The 20 newsgroups dataset is a data set of posts on 20 topics, ranging from cryptology to guns to baseball. I looked at 3 measures of similarity: Jaccard, cosine, and L2. Comparing each article with every other article, and taking the average similarity for that newsgroup, we get the following heat maps:
Cosine similarity seems the most reasonable, because it considers the relative frequency of words instead of the actual frequency. Take the case where there are two articles, A and B, and article A is the same as article B, except each word in A appears twice as many times in B. The similarity measure ought to indicate the articles are highly similar. The Jaccard similarity would be 0.5, cosine similarity would be 1, and L2 similarity would be some non-zero number. With Jaccard and L2 similarity, the number of words in each article has some influence on the similarity measure, so when one article has a lot more words than another, they will appear more dissimilar.
Let’s look at the cosine similarity plot, but with values < 0.45 removed:
Pairs of similar newsgroups include soc.religion.christian + soc.religion.christian, talk.politics.guns + talk.politics.guns, soc.religion.christian + talk.politics.guns. Perhaps these two newsgroups have similar demographics. Other similar pairs include soc.religion.christian + alt.atheism and soc.religion.christian + talk.religion.misc. This seems plausible, that there is some overlap discussing religion or lack of it.
Next, we look at nearest-neighbor counts. For each article in a newsgroup, there is an article in another newsgroup that has largest similarity.
The average similarity plots are symmetric, because in the formulas for different similarity measures, for any article x and y, (x,y) and (y, x) return the same value, there’s nothing dependent on the order of the bag-of-words vectors.
The nearest-neighbor plot is asymmetric. If an article A has the largest Jaccard similarity to an article B, that does not mean that B has the largest Jaccard similarity to A. For example, say there are three articles X, Y, and Z. X and Y are similar, but Z is very different from both. If Z is most similar to, say, X, that does not mean X is most similar to Z, in this case X is most similar to Y. So, just because an article in a newsgroup M has the largest similarity to an article in a newsgroup N, does not mean that an article in newsgroup N will have the largest similarity to an article in newsgroup M.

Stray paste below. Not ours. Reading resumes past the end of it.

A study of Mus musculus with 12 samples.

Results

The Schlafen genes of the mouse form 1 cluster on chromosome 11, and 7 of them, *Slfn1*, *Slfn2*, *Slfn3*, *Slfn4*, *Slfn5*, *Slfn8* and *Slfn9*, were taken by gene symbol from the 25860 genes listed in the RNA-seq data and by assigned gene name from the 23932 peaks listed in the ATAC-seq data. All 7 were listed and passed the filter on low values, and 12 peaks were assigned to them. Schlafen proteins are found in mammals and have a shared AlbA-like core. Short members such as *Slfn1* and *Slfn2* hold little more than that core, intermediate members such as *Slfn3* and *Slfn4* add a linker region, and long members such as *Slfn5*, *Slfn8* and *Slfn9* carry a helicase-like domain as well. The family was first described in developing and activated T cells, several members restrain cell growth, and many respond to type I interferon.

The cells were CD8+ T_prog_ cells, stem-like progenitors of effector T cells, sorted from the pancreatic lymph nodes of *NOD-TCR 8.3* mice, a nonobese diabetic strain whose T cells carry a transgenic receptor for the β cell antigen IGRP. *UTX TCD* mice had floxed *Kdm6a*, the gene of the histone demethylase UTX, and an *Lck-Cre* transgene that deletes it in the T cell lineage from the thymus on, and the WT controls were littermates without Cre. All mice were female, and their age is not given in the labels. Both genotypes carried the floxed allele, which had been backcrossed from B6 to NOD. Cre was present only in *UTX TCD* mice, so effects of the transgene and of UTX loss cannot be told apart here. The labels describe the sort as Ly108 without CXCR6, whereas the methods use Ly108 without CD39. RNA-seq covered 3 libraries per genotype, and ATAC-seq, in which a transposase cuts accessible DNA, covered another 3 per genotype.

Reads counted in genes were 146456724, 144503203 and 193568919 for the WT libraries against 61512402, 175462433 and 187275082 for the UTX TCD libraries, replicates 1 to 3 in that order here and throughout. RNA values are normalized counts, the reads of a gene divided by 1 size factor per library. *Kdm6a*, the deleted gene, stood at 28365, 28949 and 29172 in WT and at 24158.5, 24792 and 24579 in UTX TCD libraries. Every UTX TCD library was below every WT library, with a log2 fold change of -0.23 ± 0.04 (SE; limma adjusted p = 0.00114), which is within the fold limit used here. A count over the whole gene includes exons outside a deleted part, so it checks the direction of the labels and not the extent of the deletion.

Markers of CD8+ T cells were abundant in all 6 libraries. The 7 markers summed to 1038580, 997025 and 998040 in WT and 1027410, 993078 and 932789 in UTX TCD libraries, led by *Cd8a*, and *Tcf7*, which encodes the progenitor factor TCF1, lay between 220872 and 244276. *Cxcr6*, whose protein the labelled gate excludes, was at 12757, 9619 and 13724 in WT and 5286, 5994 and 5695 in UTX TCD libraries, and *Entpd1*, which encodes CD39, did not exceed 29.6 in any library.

Looking at the Jaccard nearest-neighbor heat map, these groups are similar: talk.religion.misc + alt.atheism, soc.religion.christian + alt.atheism, rec.sport.hockey + rec.sport.baseball, comp.sys.ibm.pc.hardware + comp.os.ms-windows.misc, comp.sys.mac.hardware + comp.sys.ibm.pc.hardware.
Comparing the Jaccard plots, there is some overlap in similar newsgroups, such as soc.religion.christian + alt.atheism. In the nearest-neighbor plot, there are some newsgroups that appear similar that do not seem similar in the average similarity plot, such as comp.sys.mac.hardware + comp.sys.ibm.pc.hardware and rec.sport.hockey + rec.sport.baseball. Average similarity plots appear to have a more even distribution of similarity measures, whereas the counts in the nearest-neighbor plot are mostly low with some high counts.
Using average similarity is more suited to comparing newsgroups. With nearest-neighbors, each article has some discrete influence on similarity, so disparate newsgroups could wrongfully appear similar. It could be the case that the articles in a newsgroup are extremely dissimilar to articles in other newsgroups, such as the articles in misc.forsale. Looking at the Jaccard and cosine average similarity plots, it appears misc.forsale is dissimilar to the other newsgroups. In the nearest-neighbor plot, a noticeable number of articles in misc.forsale are nearest-neighbors to comp.sys.ibm.pc.hardware, probably because there are a lot of PCs for sale, but not the other way around. Likewise, the articles in rec.sport.hockey and rec.sport.baseball might not be similar to each other, but they are more similar to each other than to other newsgroups.
Next, we look at how reducing the number of dimensions affects the quality of results for measures of similarity. Here’s the cosine similarity nearest-neighbor heat map:
Now we reduce the dimensions by randomly drawing the features with a standard normal distribution.
Wall-clock times (seconds)
With no dimension reduction, calculating cosine similarities took 202.858168125 sec, finding nearest neighbors took 0.902053117752 sec.
|d||dimension reduction||calculating cosine similarities||finding nearest neighbors|
For dimension reduction and calculating cosine similarities, wall-clock time increased linearly with d.
Target dimension d=100 gave comparable results to the original embedding.
Now let’s look at a single article, and see how cosine similarities compare after dimension reduction.
The error is the vertical distance from a point on the scatterplot to y=x. As d increases, the sum of the errors and the standard deviation of the errors gets smaller, because more of the information about the original words in full dimensions has been retained.
Looking at the target dimension vs. sum of errors:
d sum of errors
It appears that the sum of errors asymptotically decreases as d increases.
Now we try dimension reduction with a random sign (±1) instead of a normal distribution.
|d||sum of errors, random normal distribution||sum of errors (d), random sign|
The results of dimension reduction by random sign and random normal distribution were similar. For both dimensionally-reduced matrices, the plot for d=100 was comparable to the one with full dimensions.